And if you have to trim up 22 times, one can expect a reasonably skilled crew to come up with the runaway trim checklist and disable the system. The crews showed unacceptable bad crew resource management and lacked basic flying skills, which must be seen as the final factors for the crash.
Trimming happens as you steer your car. You are not really aware of the corrections and dont notice the directions and dont count the inputs. And as small stick forces were continuously canceled out, the corrections were small and it felt naturally. There was no clue from the system, that the small mistrims that occured 26 times were coming froming a hidden trim system itself. And the frequent small corrections masked the brutally long cycle, MCAS would have ran otherwise.
Please also consider, that the accident report does not nearly put weight on the crew errors that you do. In other words, you are making stuff up.
Are you a pilot? Have you ever flown a plane?
I completed half of a Swiss Sphair training. So the answers are no and yes. I therefore have hands on experience on the things I wrote. I even bought a force feedback joystick later on for no other reason, than to get the best possible feeling of trimming away control forces even in the flight simulator.
Then you would realize how ridiculous the above statement is as it is entirely wrong. The FO noticed that the controls were getting heavier and remarked on it. You can see it below in another quote where you attacked me. He just didn't understand that he had to trim longer ANU to offset the forces. He must not have noticed the trim wheel spinning away.
Why ridiculous? Seahawk talked about the trim inputs of the captain, my reply was also about the captain and you talk about the FO. Did you not notice that Seahwak and I did not talk about the FO?
Seahawk said, that trimming 22 times up (as the captain did) should lead to the runaway trim checklist. I explained why the repetitive nature of the inputs was not easy to notice by the PIC. I stand by that statement. Because of these reasons:
- As I tried to explain, canceling out control forces typically is done with little to no conscious effort.
- Secondly did the Captain apply the countering trim inputs always quickly after an MCAS cycle has started, thus stopping MCAS. Therefore the corrections by the captain were small too.
- So about 4 times per minute the captain had to quickly provide a small nose up input. The problem is, that doing only 4 trim inputs per minutes makes it hard to conciously realize the iterative characteristic of the correction.
- Also that the required correction was always in the same direction was not easy detect. Assume you drive on a straight road. After 1km I would ask you unexpectedly a) how frequent you had to make corrections with the steering wheel and b) how often in which direction. You would not be able to answer either question.
Therefore when Seahawk says, "When handing over control the pilot failed to inform the FO of the constant need to counter a trim movement manually. That is bad crew management." I just said, that this is not fair, because the captain (under the intense pressure to cognitvely work through the numerous wrong fault indications) very likely could not have consciously told "how" he was applying the trim inputs in the past few minutes. Recognizing and guessing the unknown pattern in these inputs was very hard.
Try to pass the concentration test in this video to understand, what could have happened:https://www.youtube.com/watch?v=IGQmdoK_ZfY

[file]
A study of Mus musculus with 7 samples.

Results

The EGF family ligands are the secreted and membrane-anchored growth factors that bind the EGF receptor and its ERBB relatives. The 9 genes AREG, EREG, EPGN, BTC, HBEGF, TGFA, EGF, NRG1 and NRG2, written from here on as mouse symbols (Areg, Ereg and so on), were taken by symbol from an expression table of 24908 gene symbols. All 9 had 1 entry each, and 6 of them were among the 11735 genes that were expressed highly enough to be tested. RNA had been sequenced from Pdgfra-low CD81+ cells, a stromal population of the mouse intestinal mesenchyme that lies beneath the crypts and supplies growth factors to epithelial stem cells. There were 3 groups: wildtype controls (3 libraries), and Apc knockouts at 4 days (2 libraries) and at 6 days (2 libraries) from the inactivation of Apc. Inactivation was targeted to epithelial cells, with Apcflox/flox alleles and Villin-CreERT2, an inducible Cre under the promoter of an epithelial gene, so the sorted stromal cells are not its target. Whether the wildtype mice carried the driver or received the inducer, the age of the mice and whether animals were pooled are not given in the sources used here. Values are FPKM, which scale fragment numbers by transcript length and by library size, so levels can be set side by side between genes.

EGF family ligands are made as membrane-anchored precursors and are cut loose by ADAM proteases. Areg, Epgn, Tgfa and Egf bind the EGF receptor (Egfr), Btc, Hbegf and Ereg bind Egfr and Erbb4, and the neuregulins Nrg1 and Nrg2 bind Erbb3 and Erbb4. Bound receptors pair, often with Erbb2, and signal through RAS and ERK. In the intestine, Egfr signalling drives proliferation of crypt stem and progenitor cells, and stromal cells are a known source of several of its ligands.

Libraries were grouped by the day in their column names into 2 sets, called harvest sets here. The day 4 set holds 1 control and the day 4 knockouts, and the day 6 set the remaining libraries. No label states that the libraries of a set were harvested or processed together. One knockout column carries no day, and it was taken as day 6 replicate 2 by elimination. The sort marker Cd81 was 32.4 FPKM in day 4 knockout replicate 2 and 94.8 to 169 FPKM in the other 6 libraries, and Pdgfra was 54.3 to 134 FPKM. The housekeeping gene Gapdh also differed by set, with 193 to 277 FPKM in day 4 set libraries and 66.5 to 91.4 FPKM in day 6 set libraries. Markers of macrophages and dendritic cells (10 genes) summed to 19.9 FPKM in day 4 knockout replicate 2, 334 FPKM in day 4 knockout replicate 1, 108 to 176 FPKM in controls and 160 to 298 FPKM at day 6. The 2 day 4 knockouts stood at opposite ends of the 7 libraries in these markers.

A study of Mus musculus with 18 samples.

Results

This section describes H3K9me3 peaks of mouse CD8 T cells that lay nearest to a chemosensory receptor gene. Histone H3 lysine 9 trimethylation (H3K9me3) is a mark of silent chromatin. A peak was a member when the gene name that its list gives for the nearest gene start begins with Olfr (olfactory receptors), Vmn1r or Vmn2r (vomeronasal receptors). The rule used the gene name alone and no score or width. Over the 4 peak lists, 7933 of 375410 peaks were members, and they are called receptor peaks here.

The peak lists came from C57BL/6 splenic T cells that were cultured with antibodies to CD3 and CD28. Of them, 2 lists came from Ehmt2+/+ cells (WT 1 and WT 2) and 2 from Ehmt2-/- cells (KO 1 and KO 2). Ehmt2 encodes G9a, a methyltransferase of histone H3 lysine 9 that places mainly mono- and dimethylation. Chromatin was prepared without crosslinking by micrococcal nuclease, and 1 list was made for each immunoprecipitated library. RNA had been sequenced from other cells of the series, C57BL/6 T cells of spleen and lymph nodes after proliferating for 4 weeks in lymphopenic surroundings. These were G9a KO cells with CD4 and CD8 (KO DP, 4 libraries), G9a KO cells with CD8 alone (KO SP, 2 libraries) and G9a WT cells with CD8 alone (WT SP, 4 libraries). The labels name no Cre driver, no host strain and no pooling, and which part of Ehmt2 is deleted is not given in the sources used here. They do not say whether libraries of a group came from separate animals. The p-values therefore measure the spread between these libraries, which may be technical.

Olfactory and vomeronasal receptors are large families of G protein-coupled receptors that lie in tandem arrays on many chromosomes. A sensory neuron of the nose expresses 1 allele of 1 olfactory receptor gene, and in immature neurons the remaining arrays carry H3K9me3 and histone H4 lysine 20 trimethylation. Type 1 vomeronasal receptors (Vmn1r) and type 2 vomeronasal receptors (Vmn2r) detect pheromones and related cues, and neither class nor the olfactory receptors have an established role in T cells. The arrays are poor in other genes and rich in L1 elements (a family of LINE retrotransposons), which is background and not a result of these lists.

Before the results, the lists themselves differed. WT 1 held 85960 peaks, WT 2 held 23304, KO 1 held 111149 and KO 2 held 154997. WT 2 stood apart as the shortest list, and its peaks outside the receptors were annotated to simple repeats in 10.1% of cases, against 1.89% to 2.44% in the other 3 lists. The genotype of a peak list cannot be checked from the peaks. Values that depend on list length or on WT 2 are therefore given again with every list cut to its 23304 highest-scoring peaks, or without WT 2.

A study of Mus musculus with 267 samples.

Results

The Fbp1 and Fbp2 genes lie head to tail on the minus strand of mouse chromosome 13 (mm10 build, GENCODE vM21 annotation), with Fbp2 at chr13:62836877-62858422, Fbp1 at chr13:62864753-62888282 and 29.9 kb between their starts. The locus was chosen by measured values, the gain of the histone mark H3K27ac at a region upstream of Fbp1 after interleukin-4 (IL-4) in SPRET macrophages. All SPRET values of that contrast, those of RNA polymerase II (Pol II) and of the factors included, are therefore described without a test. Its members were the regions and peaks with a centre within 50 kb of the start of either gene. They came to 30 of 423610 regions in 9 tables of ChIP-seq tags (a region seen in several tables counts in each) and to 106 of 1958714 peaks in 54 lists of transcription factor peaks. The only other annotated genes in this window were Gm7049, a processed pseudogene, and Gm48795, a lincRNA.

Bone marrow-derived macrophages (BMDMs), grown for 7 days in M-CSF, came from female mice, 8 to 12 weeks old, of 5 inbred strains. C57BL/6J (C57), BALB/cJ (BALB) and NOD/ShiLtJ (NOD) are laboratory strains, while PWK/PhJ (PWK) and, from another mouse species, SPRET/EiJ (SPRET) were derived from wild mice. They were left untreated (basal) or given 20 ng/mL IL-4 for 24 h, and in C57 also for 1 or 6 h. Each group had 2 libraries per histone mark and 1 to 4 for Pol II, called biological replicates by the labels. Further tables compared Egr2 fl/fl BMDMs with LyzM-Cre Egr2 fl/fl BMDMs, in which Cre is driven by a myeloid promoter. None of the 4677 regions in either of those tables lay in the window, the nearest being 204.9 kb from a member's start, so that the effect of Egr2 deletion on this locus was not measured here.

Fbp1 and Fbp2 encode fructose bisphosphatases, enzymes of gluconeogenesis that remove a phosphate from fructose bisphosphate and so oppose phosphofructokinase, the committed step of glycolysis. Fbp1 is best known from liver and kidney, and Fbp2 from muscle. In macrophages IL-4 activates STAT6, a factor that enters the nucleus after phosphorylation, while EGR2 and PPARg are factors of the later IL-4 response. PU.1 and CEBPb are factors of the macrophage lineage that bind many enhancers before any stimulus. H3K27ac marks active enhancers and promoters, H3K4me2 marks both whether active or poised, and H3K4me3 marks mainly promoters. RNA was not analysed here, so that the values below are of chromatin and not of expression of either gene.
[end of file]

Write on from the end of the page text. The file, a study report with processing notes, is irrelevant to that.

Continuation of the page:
Even after the JT final report has been released showing multiple significant factors to the crashes and it pointed out things that have to change (Maintenance, training) - you are still trying to Pin the accident 100% on Boeing and ignoring everything else.
I never said 100%. Out of 98 findings in the report 7 mention crew errors. On the other hand I count 42 findings that blame Boeing or the FAA. From that alone we see that findings targeting Boeing/FAA outweight crew error findings with a ratio of 6:1. If you then consider, that that there are 25 findings, which explicitely take away blame from the crew (in other words, weaken the case to blame the pilots by explaining the fault provoking nature of the incident), you get an overall picture, in which crew errors account for a really small portion of the overall blame. And that Boeing indeed deserves the largest majority of it. Not 100%, but enough to understand, that pilot actions are a minor side show in the whole tragedy.
Have a look at this:
It is a noble goal to lower the curve even more at the right end. But it is not related to the MAX grounding. Erasing design flaws of aircraft by mandating more training is putting the cart before the horse. It will not work.
Aircraft designs need to be as failure proof as demonstrated by all other aircraft except the MAX. Then even bad pilots won't make dents into the curve above.
Isn't about time that the Boeing is evil crowd (and BTW I do believe what happened inside Boeing was beyond bad) and nothing else matters need to put some sort of disclaimer on there statements as well? "Granted there were serious mistakes that were made in Maintenance and Training that need to be fixed" or something like that before ranting on?
It is not about the disclaimer. Look at the grounding threads. You and others are so obsessed to focus on a small minority of findings from the accident report, that the discussed topics are totally out of balance. The crew fault topic is pushed so dominatly in these threads, that you can really not complain that anybody is putting too much focus on Boeings failures. I encourage you just to go through any of these pages and count how many posts belong to "which camp" to see whether Boeing is thrown under the bus unfairly.
Have just a look at the post from glideslope (last post previous page). How is that balanced? It clearly does not just miss the "Boeing-did-it" disclaimer.